Pedal To The Metal


    HOLLAND — Eric Fogg admits that owning his own business has been a bumpy ride.

    But that ride is now paying off with the move and expansion of Holland Custom Metalworks.

    Since 1998 Fogg has been president of Holland Custom Metalworks, formerly known as Holland Sheet Metal. Now, the metal fabrication company has moved from its 10,000-square-foot former location at

    467 E. Lakewood Blvd.

    into a 15,600-square-foot space at

    155 Manufacturers Drive

    With the new space, Fogg said the company’s capacity for larger products — upwards of 5,000 pounds — has grown. The facility is in an industrial park with higher ceilings, better access and cranes — all of which are more suited to the company than the former space.

    “We will certainly be able to serve our current customer base better,” he said.

    Fogg and his wife, Renee, bought the 54-year-old Holland Sheet Metal in 1998 after the former owner answered an ad Fogg had put in the paper. The ad basically read, “Wanted: Business To Buy.”

    “I was hooked in two seconds,” Fogg said. “I knew from the moment I walked in the door that this was it.”

    Since then, the company has grown from two employees, one telephone and handwritten invoices to 18 employees and the use of computer technology. Fogg and his wife have also divided their interest in the company, with Fogg as the sole owner and his wife as the building owner and the company’s landlord.

    “It’s been a ride,” Fogg said, complete with “incredible ups and downs.”

    Now in an “up” cycle, Fogg said business is improving for the first time since a decline following Sept. 11, 2001

    “The atmosphere for business would not allow for a profit,” he said.

    Though at first Fogg thought anyone would be crazy not to own a business, he said he has since reversed that opinion.

    “You’ve got to be crazy to own your own business,” he said. “You’ve got to be made of steel and grit.”

    Fogg attributes his own success to prayer and ignorance of a more profitable economic climate.

    “We’ve been very blessed with work over the last years,” he said.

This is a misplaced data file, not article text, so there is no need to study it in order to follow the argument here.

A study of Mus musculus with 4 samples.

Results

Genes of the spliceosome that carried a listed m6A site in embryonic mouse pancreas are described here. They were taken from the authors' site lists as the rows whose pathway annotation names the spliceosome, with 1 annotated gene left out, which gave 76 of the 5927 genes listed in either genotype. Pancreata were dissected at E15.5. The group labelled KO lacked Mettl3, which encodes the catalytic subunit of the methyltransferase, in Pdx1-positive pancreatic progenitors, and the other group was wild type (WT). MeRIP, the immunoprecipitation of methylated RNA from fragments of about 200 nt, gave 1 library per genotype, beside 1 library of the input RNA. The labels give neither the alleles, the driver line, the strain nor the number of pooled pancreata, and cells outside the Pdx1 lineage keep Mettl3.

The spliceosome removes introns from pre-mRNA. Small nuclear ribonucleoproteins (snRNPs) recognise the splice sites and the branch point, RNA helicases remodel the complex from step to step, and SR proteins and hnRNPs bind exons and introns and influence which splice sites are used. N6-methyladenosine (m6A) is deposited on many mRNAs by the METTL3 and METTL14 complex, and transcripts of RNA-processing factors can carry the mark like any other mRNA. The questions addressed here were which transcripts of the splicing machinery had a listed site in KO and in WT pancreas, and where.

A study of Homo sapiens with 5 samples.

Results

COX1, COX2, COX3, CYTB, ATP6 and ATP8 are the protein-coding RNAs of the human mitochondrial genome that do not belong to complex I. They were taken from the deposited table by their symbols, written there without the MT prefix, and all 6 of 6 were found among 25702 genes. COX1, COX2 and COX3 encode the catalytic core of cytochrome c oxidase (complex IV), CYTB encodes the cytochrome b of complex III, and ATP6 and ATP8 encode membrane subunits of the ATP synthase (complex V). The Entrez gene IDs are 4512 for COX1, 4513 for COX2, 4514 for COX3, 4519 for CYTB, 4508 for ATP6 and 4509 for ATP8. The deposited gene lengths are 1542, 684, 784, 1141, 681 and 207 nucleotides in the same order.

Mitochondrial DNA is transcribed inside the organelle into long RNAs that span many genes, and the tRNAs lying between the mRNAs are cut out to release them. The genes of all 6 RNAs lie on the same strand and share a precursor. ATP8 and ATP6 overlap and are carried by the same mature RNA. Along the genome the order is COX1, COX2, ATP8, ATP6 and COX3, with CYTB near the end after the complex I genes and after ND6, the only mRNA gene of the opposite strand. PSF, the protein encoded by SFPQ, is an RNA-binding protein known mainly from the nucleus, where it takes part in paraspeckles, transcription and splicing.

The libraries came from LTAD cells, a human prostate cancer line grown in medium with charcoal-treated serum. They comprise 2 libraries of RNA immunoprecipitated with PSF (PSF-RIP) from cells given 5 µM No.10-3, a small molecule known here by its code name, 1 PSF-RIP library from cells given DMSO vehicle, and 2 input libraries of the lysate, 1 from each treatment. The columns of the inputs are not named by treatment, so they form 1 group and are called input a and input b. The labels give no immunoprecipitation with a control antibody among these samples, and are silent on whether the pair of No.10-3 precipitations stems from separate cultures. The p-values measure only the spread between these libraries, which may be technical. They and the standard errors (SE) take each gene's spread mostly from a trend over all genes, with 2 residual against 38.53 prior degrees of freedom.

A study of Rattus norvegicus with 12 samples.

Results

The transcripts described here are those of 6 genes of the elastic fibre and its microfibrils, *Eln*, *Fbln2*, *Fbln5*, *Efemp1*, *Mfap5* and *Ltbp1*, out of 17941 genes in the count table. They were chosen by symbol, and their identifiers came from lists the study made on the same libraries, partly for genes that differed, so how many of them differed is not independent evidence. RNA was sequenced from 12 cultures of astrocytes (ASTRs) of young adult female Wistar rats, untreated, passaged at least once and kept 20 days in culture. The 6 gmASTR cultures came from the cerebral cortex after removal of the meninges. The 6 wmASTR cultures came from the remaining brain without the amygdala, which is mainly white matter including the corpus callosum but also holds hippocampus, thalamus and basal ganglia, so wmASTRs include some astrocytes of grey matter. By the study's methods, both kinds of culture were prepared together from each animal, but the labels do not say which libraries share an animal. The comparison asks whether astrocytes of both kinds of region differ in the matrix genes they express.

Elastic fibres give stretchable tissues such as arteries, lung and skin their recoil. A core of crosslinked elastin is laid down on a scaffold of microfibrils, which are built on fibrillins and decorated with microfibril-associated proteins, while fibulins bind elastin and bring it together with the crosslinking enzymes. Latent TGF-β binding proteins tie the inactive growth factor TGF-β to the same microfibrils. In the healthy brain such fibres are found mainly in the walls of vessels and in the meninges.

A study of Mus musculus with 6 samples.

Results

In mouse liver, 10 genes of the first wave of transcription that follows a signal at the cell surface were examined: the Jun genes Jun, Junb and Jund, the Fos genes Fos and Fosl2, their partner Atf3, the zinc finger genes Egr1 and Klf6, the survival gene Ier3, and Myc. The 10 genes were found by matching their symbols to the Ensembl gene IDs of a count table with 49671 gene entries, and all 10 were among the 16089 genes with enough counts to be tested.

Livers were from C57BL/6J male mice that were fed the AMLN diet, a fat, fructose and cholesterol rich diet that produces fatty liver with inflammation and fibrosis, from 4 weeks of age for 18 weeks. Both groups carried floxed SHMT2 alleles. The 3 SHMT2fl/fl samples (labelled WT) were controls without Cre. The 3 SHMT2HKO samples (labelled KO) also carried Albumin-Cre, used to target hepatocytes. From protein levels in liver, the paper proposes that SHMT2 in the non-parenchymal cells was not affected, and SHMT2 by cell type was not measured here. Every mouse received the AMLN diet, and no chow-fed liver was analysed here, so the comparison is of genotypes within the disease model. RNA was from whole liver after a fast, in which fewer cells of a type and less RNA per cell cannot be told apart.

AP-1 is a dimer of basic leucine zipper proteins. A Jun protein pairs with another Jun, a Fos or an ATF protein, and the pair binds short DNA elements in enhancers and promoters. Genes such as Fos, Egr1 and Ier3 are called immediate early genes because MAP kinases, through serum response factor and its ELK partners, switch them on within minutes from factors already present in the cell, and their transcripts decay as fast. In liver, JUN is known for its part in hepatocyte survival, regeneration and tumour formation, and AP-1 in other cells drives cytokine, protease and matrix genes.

Sales from 2004 to 2005 grew 20 percent after being flat for the three years before.

    Holland Custom Metalworks currently has three main segments of business, Fogg said. With the new space, he would like to build that to six: five lines of products and one segment of custom work.

    The company manufactures components for plastic pellet distribution systems, parts of high temperature oven fans, and unique custom work such as steel countertops, bay windows and cupolas.

    Fogg said that although the component part of the work can be shipped anywhere, the custom work is primarily done for customers within a 30-mile radius.

    “That kind of work needs personal contact,” he said.

    The custom work also allows his employees to be more creative.

    “After a while you master it and it becomes a little more on the bread and butter side,” Fogg said.

    He said his employees and their skills set his company apart.

    “We’re able to take custom products, redesign how they are manufactured and make higher-quality components at a lower cost,” he said.

    One of the reasons Fogg said his company can have higher quality products is because they are willing to keep up with advances in the industry and change their methods when necessary.

    The Holland native said he chose to stay in his hometown when he decided to expand because of the area’s skilled workers, work ethic and supportive community.